Center takes holistic approach

Photo by E. Franklin Dukes
U.Va. students (left to right in white coats) Caroline Brennan, Ginger Watkins, Lauren Noe and Irene Boland listen to EPA Remedial Project Manager Christian Matta at the Ordinance Works Disposal Area in Morgantown, WV. Also, at far right is Leo Argaugh of the U.S. Army Corps of Engineers.

By Jane Ford

Central Chemical was a vital part of the Hagerstown, Md., community for almost 50 years. But the former pesticide and fertilizer blending and storage facility closed in 1984, and it later was declared a Superfund site. Fences now separate it from the community that once embraced it.

Hagerstown is far from alone. More than 1,233 sites are on the Environmental Protection Agency’s National Priorities List, and communities that want to transform them from toxic threats back into community resources face an almost overwhelming challenge fraught with complexity and the stigma of chemical contamination.

In addition to the scientific and financial issues involved in a cleanup, communities must address legal, cultural, technological and land-use matters.
A new center at U.Va. — created with a grant from EPA of $600,000 — $200,000 a year, renewable for three years — is helping by taking a holistic view of reclaiming these sites. The research will help the EPA and individual communities better understand the dynamics of the process and facilitate the successful reclamation of the sites.

“This is the first time a truly interdisciplinary team is taking a look at Superfund site reuse issues,” said John Harris, national program coordinator for Superfund redevelopment at the EPA.

Jonathan Cannon, professor of law and director of the center, said, “The focus in recent years has been on putting these sites back into productive use. They represent resources that communities can use to build schools, factories, apartment buildings, commercial space or sports fields. We are going to be looking at these sites and developing information and options for how these sites can be developed and expanded.”

The interdisciplinary center, in its second year of operation, includes a team of 12 faculty members and students from law, architecture, commerce, engineering and the College of Arts & Sciences.

With input from the EPA, the center identified six sites around the country that represent different contamination issues. Members of the cen-ter will share research and resources through workshops, conferences, publications and the center’s Web site (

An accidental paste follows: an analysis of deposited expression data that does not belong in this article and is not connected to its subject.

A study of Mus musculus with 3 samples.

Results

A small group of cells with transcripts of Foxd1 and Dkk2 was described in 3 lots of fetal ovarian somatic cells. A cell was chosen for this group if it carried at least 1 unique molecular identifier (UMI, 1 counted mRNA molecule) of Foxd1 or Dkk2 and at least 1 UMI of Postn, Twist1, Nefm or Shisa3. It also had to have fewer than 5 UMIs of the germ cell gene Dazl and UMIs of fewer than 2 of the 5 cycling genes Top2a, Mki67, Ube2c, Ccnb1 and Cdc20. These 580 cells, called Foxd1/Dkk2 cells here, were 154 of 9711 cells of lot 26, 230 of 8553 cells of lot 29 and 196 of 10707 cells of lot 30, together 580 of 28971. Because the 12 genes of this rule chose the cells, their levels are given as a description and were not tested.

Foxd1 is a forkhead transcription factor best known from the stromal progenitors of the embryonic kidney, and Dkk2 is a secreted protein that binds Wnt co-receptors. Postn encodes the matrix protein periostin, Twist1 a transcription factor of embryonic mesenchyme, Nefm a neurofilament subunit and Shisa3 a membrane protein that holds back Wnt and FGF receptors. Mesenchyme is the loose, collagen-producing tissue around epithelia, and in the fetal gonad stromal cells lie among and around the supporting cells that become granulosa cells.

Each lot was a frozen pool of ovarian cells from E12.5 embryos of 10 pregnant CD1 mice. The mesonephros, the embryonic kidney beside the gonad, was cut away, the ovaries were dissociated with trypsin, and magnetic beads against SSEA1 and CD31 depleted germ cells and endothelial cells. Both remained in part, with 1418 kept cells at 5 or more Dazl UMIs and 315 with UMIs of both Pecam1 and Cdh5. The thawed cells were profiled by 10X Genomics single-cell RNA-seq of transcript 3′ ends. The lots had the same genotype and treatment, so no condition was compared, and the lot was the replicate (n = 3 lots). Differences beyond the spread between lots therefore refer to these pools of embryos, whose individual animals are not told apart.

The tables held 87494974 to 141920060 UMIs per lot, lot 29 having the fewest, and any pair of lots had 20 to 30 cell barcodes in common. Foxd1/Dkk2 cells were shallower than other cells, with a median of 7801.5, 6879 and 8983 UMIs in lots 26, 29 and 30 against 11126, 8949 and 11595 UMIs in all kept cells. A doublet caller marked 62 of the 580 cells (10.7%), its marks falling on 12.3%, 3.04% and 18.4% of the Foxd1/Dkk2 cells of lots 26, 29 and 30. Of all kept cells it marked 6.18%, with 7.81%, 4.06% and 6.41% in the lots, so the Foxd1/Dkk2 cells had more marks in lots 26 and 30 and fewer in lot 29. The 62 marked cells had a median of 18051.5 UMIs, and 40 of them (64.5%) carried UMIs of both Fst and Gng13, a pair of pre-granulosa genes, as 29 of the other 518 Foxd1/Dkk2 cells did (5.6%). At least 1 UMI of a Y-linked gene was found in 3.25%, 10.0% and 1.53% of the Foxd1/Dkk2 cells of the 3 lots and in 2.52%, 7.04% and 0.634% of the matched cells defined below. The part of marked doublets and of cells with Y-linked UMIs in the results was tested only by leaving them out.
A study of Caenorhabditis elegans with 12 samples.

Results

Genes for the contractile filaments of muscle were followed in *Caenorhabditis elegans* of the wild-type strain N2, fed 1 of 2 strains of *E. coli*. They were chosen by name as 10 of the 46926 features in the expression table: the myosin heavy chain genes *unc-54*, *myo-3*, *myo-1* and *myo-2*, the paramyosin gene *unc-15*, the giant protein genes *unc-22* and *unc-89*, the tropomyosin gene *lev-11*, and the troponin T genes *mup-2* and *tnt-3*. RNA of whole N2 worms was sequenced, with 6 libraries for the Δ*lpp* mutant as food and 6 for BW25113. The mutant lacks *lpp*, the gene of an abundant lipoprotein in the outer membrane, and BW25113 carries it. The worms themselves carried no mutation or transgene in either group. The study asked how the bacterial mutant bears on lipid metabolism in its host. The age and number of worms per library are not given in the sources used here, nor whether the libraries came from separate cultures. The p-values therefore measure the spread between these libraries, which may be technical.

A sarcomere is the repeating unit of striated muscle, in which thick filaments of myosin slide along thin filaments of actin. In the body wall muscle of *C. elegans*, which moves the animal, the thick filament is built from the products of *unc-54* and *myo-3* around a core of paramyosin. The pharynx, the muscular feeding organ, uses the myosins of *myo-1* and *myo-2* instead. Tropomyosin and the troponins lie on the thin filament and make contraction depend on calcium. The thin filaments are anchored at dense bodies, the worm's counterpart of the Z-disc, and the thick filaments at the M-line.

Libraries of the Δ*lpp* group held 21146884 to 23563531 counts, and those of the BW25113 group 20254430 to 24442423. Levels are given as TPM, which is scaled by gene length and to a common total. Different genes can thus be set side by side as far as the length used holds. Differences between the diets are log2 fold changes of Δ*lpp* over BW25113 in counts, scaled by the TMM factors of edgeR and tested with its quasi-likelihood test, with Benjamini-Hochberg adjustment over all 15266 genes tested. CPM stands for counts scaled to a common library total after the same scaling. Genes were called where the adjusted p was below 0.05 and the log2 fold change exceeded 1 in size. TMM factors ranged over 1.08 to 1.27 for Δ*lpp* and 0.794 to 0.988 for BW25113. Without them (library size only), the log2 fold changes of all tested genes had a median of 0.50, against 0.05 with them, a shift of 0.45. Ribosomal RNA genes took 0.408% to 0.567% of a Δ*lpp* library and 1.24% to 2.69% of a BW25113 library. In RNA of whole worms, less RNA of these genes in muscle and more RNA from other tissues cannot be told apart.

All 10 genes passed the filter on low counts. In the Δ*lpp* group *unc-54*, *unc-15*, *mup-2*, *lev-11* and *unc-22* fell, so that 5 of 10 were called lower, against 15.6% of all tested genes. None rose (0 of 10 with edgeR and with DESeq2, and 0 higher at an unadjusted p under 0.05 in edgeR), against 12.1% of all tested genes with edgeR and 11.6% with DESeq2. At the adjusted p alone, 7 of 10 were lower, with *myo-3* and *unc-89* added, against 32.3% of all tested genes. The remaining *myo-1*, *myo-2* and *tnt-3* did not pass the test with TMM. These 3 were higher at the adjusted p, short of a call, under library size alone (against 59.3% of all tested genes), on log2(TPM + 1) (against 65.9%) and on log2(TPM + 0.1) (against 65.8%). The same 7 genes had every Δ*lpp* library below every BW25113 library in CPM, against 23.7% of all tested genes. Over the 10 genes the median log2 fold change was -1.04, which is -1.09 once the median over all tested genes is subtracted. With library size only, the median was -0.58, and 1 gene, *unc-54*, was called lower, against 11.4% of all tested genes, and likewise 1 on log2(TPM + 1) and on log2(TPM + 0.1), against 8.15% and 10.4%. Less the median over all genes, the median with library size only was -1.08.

The educational component of the center includes not only public outreach, but also the inclusion of students on the center’s team.

Julie Bargmann, associate professor of landscape architecture, organized a lecture series last spring to explain the expertise of the center’s members and introduce the issues to students and others in the University community. She is teaching a landscape design studio that is investigating solutions to one of the six center research sites.

Bargmann, who’s been working to reclaim industrial sites with her design firm, D.I.R.T. (Design Investigating Reclaiming Terrain), believes it is important to understand the complexity of weaving these sites back into the communities.
“Students see that what they need to become is educators — to translate, re-interpret and reveal the capacity of the landscape,” she said.

Through her work in the center, Janet Herman, professor of environmental sciences and an expert in the geochemistry of groundwater, said that major challenges are not only communicating between technical and non-technical disciplines, but also influencing decisions made during the reclamation process. She emphasizes to students that if they want their research to contribute to creating a better environment, a better life and a better world, they need to communicate the cultural side of technical questions.

One of Herman’s students, Melissa Kenney, a May environmental sciences graduate, created a computer model based on one of the sites as her distinguished major thesis. Kenney’s cost-benefit analysis places values on issues such as clean aquifers, reducing global warming, scenery and protecting drinking water.

The model adds perspective on various options and helps focus thinking about the process of remediation. Kenney worked with Herman and environmental finance expert Mark White, associate professor of commerce and a center member.

“It was great to be able to work on such an amazing study in its initial phases and work with faculty from so many different disciplines,” said Kenney. “It gave me a taste of what interdisciplinary research is like.”

E. Franklin Dukes, director of the Institute for Environmental Negotiation in the School of Architecture, is an expert in facilitating dispute resolution and public participation processes. Next spring, he will teach a class that will work on guidelines to facilitate community meetings that would enable Superfund stakeholders to envision new opportunities for contaminated sites.

“It’s a process of education and awareness — bringing people together to look at the cultural and social aspects and to communicate and resolve issues of identity and reuse, ” Dukes said.

People associated with Superfund sites who are not part of the center’s research are starting to seek out their expertise, Dukes said. “There is a growing interest in the expertise of the center.”